My mom is about to make some upgrades to her kitchen and asked for my help. The room as it is now is beloved to her, but she recognizes that new cabinets offer much needed organization opportunities and storage space. Of course this leads to all sorts of questions of layout, new appliances, and new materials, and then next thing you know you have a project on a scale much larger than what you had envisioned. I think she is bringing me in for reinforcement, so she doesn't just retreat from the whole thing.
The first thing I do when approaching a home project is accumulate a lot of inspiration by looking through magazines and design blogs. It propels me into action. When the project gets underway and I start to feel a little lost, I always go back to it as a reminder of what's on the other side of all the discomfort, second-guessing, anxiety, mess, and bills. (I hate an inbetween stage.) So my first move was to send Mom images of good kitchens I have on file. I went through all the jpegs in my dropbox (Do you have one for your home and work computers? Life changing!!!), and in the process came across some images from a tiny 1840s farmhouse in upstate New York that I die for. It has nothing to do with my mom's project but I had to share.
It is the epitome of this time of year in the Northeast. This morning on my way out the door Mr. SevPrez told me I looked nice, "very Northeast," (plaid shirt and cropped corduroy peacoat) to which I replied, "Well, that's where we are!" But he begged to differ. He thinks we are just tristate. Can't we be both? Or do I really have to give it up and just move six hours north? Please advise.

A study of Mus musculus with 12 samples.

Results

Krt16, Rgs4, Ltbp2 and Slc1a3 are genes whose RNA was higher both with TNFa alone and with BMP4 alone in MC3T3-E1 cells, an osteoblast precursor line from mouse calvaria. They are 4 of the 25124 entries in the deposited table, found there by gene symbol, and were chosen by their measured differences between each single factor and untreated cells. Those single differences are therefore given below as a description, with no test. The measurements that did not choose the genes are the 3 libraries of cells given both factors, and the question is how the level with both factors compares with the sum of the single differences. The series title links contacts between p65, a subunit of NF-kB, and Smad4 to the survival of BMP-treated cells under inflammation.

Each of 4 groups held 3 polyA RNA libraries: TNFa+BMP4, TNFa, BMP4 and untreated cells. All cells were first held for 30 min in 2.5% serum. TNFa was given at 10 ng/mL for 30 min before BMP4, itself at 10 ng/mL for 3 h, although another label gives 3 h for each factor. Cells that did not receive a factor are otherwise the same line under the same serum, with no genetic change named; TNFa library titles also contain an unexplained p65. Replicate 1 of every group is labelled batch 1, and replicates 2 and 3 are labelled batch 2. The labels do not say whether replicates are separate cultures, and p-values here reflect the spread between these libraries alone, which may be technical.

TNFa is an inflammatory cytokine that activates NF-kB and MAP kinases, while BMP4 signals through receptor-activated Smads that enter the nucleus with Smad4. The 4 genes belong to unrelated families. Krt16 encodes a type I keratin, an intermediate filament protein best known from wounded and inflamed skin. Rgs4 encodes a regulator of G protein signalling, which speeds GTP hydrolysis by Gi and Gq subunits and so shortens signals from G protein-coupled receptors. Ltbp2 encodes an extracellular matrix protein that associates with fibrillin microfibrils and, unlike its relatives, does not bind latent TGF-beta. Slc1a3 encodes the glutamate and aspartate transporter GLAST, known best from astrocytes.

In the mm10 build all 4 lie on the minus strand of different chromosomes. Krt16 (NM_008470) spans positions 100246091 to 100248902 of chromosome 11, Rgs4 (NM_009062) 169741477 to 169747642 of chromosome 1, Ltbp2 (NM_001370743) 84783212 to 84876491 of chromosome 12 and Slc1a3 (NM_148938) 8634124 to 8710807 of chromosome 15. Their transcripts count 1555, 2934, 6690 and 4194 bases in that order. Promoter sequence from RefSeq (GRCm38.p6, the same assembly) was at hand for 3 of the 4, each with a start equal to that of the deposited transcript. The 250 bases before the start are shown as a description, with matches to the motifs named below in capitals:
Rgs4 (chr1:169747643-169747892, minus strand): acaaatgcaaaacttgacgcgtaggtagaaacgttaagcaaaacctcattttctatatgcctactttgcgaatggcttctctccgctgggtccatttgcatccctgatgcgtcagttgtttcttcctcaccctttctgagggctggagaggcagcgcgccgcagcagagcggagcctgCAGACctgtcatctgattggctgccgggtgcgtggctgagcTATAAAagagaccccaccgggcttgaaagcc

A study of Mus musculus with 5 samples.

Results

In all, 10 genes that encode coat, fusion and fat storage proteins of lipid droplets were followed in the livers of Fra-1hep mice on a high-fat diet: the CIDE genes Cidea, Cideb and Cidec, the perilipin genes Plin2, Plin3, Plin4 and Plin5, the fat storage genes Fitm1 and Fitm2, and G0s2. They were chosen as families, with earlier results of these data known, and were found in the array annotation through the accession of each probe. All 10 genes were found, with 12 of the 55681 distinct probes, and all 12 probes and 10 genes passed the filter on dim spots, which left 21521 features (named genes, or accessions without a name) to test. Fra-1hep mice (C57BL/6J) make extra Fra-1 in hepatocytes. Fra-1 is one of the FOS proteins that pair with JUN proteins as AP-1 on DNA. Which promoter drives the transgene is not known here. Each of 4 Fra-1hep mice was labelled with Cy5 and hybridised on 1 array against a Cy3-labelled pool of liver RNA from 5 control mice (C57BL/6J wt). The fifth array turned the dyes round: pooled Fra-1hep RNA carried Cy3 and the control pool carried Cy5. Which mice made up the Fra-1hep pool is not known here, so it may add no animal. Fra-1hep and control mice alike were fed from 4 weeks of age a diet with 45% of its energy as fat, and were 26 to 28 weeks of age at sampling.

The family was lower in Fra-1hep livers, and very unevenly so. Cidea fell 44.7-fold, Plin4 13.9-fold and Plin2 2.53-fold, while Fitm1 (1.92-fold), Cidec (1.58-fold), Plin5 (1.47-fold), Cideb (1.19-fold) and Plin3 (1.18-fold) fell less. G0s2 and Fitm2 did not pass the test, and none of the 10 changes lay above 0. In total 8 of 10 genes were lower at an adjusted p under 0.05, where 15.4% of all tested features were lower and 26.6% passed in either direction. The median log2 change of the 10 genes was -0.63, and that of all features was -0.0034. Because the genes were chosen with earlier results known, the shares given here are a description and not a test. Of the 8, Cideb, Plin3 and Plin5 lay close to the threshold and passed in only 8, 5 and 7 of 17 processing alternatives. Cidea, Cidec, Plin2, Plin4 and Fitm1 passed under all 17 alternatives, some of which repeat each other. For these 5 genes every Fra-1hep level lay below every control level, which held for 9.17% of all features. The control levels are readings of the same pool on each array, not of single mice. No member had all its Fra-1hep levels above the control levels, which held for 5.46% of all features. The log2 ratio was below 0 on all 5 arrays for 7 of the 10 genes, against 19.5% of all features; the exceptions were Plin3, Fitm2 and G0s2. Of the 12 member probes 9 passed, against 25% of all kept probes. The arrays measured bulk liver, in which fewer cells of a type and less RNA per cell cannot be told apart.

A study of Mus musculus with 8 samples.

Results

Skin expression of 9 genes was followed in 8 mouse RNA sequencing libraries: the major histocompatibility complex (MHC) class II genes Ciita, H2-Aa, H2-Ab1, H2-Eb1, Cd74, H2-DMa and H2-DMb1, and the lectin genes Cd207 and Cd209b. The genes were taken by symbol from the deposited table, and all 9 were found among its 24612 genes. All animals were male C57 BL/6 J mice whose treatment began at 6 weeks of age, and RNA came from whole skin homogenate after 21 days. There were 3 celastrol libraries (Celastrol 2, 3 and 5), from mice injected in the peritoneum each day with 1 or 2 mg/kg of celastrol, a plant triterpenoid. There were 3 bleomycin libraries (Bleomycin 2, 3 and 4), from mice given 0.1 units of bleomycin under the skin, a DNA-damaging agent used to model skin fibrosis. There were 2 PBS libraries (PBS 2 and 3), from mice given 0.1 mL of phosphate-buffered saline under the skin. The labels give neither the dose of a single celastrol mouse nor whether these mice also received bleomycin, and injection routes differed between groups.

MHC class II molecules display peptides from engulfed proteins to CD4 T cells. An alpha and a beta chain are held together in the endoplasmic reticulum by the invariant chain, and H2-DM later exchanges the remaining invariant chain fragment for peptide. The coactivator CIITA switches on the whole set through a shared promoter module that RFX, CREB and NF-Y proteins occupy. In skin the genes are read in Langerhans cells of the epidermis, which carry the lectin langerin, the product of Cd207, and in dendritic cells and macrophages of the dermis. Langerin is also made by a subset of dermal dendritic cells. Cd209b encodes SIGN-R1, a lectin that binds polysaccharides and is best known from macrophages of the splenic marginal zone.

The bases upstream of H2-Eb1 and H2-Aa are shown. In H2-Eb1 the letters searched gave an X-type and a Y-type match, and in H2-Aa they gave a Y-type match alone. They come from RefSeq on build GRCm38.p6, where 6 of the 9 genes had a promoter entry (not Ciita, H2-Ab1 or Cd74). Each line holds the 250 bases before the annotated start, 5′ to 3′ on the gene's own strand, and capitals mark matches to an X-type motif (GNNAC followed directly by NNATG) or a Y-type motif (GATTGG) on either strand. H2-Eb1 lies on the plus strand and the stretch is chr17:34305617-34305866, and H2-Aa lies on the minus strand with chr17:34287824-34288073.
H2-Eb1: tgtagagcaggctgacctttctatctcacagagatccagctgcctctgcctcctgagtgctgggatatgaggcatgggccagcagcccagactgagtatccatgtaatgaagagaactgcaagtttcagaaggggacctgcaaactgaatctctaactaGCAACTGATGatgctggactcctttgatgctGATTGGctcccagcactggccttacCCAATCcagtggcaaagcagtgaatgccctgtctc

Love the wall color, the map, the globe, the beat up table, etc.
Amazing hand-papered wall treatment with blank antique paper. I have always loved this look, but this is the first time I've ever seen it done with blank paper. Lots of great bathrooms in restaurants in New York have done it with old books or newspapers. I would love to do this in a bathroom but I think maybe it's only worth doing in our "adult house." This is what my sister-in-law calls the house you see your kids growing up in. I'm not there yet, but hope our next house will be the one. We'll keep saving our pennies.